This image taken from the the Arabic-language al-Shamouk jihadist website shows promotional material for "Cartoon films for supporters of Qaeda Jihad in the Arabia Peninsula," aimed at recruiting children into the terror network. AP Photo

In the wake of the 9/11 attacks, jihadists aggressively expanded their presence in cyberspace. Websites serving groups such as al Qaeda and its affiliates went from fewer than 20 in 2000, to more than 5,000 in 2006, according to the Pentagon. Such forums allowed jihadists to deliver their propaganda, recruit new members, provide training, communicate amongst themselves and coordinate operations.

But 10 years on, it appears the "glory days" of e-jihad are long gone.

In the past couple of years there were visible signs that al Qaeda was struggling to maintain its dominance in the 21st century media war. Many jihadi forums have been hacked into and taken down. Propaganda videos have declined (both in quantity and quality), and the overall activity on blogs has dropped considerably.

Alarmed by the decline in members' contributions, a recent posting by blogger "al-Assad al-Tha'er" at the Shumukh al-Islam forum addressed the "reasons that led to the decline of activity on the jihadi blogs."

"The main section on the forum which used to be abuzz with messages, now could stay for hours without a single response posted," al-Tha'er said, "and the same goes for Ansar al-Mujahideen and al-Fidaa forums."

Fellow bloggers attributed this change to the fact that jihadists have been busy with the "revolutions in their various countries."

It's becoming clear that the Arab Spring has probably done more damage to al Qaeda on the whole, and not just to its online operations; it showed that non-violent mass protests do offer a compelling alternative to the jihadi solution.

But al Qaeda has also suffered serious blows to its top leadership, including the death of Osama bin Laden, killed in a U.S. special forces raid on his compound in Abbotabad, Pakistan on May 2, 2011.

Web-based jihadi activities have been seriously affected as a result to such operations. Frontline jihadi leaders now seem a bit more cautious in the management of their public appearance. The long process to broadcast videos online meant that al Qaeda was no longer capable of immediately bringing the messages of its leaders out to the world as it once did.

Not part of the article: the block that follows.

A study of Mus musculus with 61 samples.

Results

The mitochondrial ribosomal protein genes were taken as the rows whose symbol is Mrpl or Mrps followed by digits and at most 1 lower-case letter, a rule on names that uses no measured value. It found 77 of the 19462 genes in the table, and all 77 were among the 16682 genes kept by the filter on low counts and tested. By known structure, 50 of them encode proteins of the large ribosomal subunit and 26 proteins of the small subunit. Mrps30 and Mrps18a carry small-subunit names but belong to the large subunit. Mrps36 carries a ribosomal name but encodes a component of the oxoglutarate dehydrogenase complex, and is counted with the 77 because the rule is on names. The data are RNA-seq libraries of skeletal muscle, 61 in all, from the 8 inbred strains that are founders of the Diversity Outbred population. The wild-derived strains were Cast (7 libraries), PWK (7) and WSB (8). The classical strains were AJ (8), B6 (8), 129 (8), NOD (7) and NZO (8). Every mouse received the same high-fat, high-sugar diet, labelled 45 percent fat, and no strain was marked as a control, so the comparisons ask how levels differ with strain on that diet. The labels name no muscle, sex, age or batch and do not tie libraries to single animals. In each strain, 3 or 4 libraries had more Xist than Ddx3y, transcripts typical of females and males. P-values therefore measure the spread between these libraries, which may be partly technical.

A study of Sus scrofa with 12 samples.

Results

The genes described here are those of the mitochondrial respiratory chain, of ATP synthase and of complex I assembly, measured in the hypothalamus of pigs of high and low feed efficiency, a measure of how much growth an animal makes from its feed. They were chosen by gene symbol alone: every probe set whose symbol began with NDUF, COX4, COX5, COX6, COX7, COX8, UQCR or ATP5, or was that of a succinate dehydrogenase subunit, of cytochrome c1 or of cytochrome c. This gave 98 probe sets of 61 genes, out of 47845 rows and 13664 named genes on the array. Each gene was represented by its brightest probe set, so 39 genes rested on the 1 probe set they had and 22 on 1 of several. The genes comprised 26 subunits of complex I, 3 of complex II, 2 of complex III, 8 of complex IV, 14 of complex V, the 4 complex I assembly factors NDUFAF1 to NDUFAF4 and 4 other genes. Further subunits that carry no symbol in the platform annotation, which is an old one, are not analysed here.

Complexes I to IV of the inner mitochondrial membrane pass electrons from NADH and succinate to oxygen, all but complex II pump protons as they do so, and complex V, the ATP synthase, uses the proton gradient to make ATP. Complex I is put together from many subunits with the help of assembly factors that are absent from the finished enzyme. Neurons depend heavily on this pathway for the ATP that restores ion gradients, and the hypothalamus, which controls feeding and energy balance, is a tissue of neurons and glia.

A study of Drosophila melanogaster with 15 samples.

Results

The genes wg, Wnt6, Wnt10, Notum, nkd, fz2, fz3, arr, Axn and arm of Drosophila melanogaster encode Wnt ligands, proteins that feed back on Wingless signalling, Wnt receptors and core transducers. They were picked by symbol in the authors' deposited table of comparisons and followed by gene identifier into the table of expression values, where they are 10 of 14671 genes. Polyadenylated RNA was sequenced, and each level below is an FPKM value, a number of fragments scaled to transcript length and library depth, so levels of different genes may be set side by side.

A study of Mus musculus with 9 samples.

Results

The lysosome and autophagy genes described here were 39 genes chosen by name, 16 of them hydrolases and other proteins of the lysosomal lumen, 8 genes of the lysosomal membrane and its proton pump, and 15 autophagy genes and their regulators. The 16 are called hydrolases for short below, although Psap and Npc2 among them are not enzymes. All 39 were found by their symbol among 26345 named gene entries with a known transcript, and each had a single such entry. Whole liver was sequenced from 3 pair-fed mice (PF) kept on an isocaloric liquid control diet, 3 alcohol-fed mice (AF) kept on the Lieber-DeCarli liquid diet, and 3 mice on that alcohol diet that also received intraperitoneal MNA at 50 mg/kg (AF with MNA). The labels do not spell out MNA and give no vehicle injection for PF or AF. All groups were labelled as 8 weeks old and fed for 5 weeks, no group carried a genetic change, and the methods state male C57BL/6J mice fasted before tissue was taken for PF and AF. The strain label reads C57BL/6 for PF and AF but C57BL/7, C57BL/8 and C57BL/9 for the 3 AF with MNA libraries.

Messages recently released by the newly appointed al Qaeda chief Ayman Zawahiri took between 3 to 6 weeks to make it to the usual online channels, and more often than not these were audio rather than video messages.

Another al Qaeda leader, Abu Yahya al-Libi, was a no-show online, even for his accustomed yearly "Eid Message" rendezvous.

But if al Qaeda webmasters have failed to prop their blogs, they were somewhat successful at marketing their jihadi ideology on new and perhaps more popular avenues, such as Facebook and YouTube. Much of the salafist jihadi ideology is now found on Facebook accounts, and YouTube has a staggering collection of jihadi videos.

Another noticeable trend in e-jihad is the dissemination of jihadi ideology to foreign audiences. Most jihadi propaganda videos are now either translated or dubbed into English and German (and sometimes other languages). Most prominent forums have dedicated English sections especially for Western enthusiasts.

In July 2010, al Qaeda in the Arabian Peninsula (AQAP) released the first issue of its English jihadi magazine, called Inspire. In line with the "Lone Wolf" terror strategy that al Qaeda's strategist Abu Mus'ab al-Suri and U.S.-born radical imam Anwar al-Awlaki have been calling for, the magazine seeks to recruit angry young Muslims who feel alienated within the Western societies in which they grew up.

Efforts to counter jihadi activities on the Internet by government agencies may have been relatively successful in recent years. The Arab Spring, and the serious blows suffered by al Qaeda, also seem to have directly impacted the group's online activities.

All this, however, still has not yet provided a conclusive solution to the e-jihad phenomenon - and the uncontrollable and borderless nature of the Internet will continue to make that difficult to resolve.